A while ago KieranTimberlake Associates founder James Timberlake, FAIA, told me something that made simple economic sense at the time, yet represents perhaps the most definitive and calculable sea change in architecture and urban planning today: “As we see the economy change, people are going to demand less space.”
“Demand less space?” What kind of admission of downward mobility is that? Haven’t Americans been demanding more space for decade after decade or even longer? I’m sure some master's or PhD student has already made their bones by drawing a comparison between the 19th centuries Manifest Destiny quest and the ballooning of suburbs and their nature-gobbling yards.
The economic causes for seeking smaller residential footprints are well documented (the unavoidable end of fossil fuels and subsequently exploding costs, the tightening of the home mortgage markets, increased concern about global warming, etc.) and more of Timberlake’s thoughts on how to address such a transition are available here. Both young professionals and the pig-in-a-python generation (Baby Boomers) are choosing to settle in urban centers and are gentrifying wide swaths of urban America. The typical benefits of suburban living (plenty of space, family-oriented civic infrastructure, cheaper land prices) are rapidly being devoured by $4 a gallon gas, and urban theorists have been tossing out nightmare scenarios of rotting suburban slums that have wasted into disuse and chaos after everyone who could headed back to the city. Because of all this, a popular parlor game of the late summer seems to be speculating on the end of suburbia as we know it.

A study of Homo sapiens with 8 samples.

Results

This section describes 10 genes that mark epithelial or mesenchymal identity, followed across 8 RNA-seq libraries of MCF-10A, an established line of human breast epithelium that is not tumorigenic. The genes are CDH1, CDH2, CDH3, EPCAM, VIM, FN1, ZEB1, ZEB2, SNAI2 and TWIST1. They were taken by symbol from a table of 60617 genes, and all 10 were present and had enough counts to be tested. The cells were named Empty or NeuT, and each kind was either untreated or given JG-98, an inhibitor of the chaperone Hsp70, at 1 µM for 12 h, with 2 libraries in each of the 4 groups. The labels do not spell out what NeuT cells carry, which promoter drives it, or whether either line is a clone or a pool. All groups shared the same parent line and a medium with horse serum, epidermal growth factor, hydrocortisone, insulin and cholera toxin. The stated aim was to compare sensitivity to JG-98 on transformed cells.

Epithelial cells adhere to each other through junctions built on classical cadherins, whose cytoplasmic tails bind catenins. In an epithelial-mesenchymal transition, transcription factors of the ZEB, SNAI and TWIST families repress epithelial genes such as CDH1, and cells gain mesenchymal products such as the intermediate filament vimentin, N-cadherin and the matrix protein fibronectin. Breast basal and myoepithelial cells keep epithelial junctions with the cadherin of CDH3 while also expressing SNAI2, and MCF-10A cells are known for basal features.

The New Republic weighed in on this with a cover story recently, and Ned Cramer at Architect delivered a column in praise of the densifying effects of unaffordable gas. The New York Times hosted a quorum on its Freakonomics blog in August on this very topic, too. Aside from a few brave, but probably wrong, condemnations (“the greatest misallocation of resources in the history of the world”) the vague consensus seems to be that the concept of “suburb” is going to lose focus in the coming decades. In cities across the nation, suburbs are getting denser and more culturally and ethnically diverse as they becoming the first-stop destination for immigrants. In many ways, suburbs are becoming more urban. As this trend continues, suburbs’ fate will be more about staging interventions to keep them viable for the populations they are still absorbing than wholesale abandonment, which should provide plenty of opportunities for architects.
But aren’t cities becoming more suburban as well? As slick, glass-walled condos replace offices buildings (or more disturbingly, affordable housing), and corner stores begat wine bars and sushi restaurants, low-income people are pushed out to inner-ring suburbs, a haute bourgeoisie sensibility settles over the land, and Taxi Driver-like visions of decaying urbanity start to seem quaint ... almost. Taken to its logical extreme, city and suburb may envelope each other, leaving us with little idea of what to call either one.